Kevin O’Leary suing Elections Canada over fundraising limits

Failed Conservative leadership contender and reality TV star Kevin O’Leary is suing the federal elections commissioner and Elections Canada over fundraising rules that limit how much of his own money he can spend to clear up outstanding campaign debts — rules O’Leary says infringe upon his Charter rights.

O’Leary racked up nearly $2 million in debt in his 2017 campaign to replace former prime minister Stephen Harper as leader of the federal Tories.

Despite strong initial poll numbers, O’Leary dropped out of the race in response to low support from Quebecers. He subsequently backed another failed candidate, Maxime Bernier, who has since left the Conservatives to form a party of his own.

According to a statement of claim obtained by CBC News, O’Leary still owes in excess of $400,000 to several campaign suppliers — most of them small- or medium-sized enterprises that O’Leary said have experienced financial hardship as a result of the unpaid bills. He said he wants to pay them back personally, but Elections Canada is saying no.

O’Leary, like all contenders for leadership of a federal party, is restricted in the amount of money he can personally float his campaign.

Kevin O’Leary speaks during the Conservative Party of Canada convention in Vancouver, Friday, May 27, 2016. (Jonathan Hayward/Canadian Press)

The TV pitchman and businessman already has contributed the maximum sum allowed under the rules: a one-time advance of $25,000. Individual contributors can only donate $1,575 a year to a candidate.

O’Leary is not the first to face problems in paying off debts for a failed campaign. The crowded 2006 Liberal leadership field also saw a number of politicians incur sizeable debts and subsequently struggle to pay them off because of limits on personal contributions.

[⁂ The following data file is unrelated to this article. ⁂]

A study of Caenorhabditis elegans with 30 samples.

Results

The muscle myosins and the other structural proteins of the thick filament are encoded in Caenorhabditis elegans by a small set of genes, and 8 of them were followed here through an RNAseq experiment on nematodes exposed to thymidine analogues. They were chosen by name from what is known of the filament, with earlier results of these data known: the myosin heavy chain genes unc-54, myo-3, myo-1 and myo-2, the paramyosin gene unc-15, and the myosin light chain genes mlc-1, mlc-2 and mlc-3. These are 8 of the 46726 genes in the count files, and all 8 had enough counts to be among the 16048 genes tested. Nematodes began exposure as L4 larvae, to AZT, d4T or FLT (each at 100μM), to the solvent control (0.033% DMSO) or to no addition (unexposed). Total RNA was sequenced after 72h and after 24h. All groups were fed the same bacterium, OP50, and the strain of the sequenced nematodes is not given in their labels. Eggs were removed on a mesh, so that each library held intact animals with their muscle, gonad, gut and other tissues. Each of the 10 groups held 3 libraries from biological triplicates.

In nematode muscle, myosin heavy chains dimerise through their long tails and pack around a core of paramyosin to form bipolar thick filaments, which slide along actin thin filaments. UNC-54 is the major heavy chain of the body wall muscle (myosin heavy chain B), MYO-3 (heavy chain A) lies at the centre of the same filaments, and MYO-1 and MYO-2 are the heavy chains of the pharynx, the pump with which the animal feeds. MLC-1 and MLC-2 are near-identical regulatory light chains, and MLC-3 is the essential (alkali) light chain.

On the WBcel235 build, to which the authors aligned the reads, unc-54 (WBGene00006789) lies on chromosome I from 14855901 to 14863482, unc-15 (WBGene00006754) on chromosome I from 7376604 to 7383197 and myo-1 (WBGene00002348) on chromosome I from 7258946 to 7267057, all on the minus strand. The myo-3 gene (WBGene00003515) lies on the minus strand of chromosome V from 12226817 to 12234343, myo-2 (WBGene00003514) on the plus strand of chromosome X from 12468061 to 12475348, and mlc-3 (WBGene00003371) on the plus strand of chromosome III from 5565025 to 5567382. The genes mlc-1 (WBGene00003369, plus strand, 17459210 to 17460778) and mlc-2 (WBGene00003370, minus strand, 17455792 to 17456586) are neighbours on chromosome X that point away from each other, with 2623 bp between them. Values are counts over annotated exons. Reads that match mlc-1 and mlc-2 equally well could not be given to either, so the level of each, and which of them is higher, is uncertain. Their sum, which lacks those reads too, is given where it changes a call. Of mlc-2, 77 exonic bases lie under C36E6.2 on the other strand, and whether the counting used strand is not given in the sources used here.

O’Leary had proposed a solution to Elections Canada: he’d pay the vendors back right away but still commit to fundraising the money over a longer period of time from individual donors. The agency rejected that plan as a violation of existing rules.

“It’s an outrage. This rule has really had many horrible, unintended consequences. I’m doing this on behalf of every single Canadian to make our country better,” O’Leary said of his lawsuit in an interview with CBC’s Power & Politics.

In his claim, O’Leary said that it is proving too difficult to raise the necessary funds in the three-year timeframe set by Elections Canada laws because people are understandably “uninterested” in contributing to a failed campaign that is long over.

“I went to Elections Canada and said, ‘I found out there’s a bunch of people who are owed money. I’d like to pay them back and then I’ll go onwards and raise money.’ It seems very unfair that a small vendor owed $2,500 shouldn’t be paid back. That’s un-Canadian,” O’Leary told Power & Politics host Vassy Kapelos.

“If you’re out of the race, and you’re not a politician any more and you owe money to a fellow citizen, where is it right that the law protects you from ever paying it back? That’s un-Canadian. That’s unconstitutional. That’s simply wrong,” 

In a statement, a spokesperson for Elections Canada said the agency is aware of the pending legal action. “We haven’t taken a position on it at this time,” Natasha Gauthier said.

O’Leary said the spending limits on personal contributions discourage successful Canadians from vying for a party’s leadership. “We’re breeding mediocrity,” O’Leary said. “All parties should come up with a better law.”

The Canadian-born personality argues restrictions on personal contributions to the campaign are a violation of his freedom of expression rights under section 2(b) of the Charter.

O’Leary also argues that the threat of jail time for failing to pay back campaign debts, despite his personal willingness to make the creditors whole — which is possible under Canadian campaign laws — violates his section 7 right to security of person.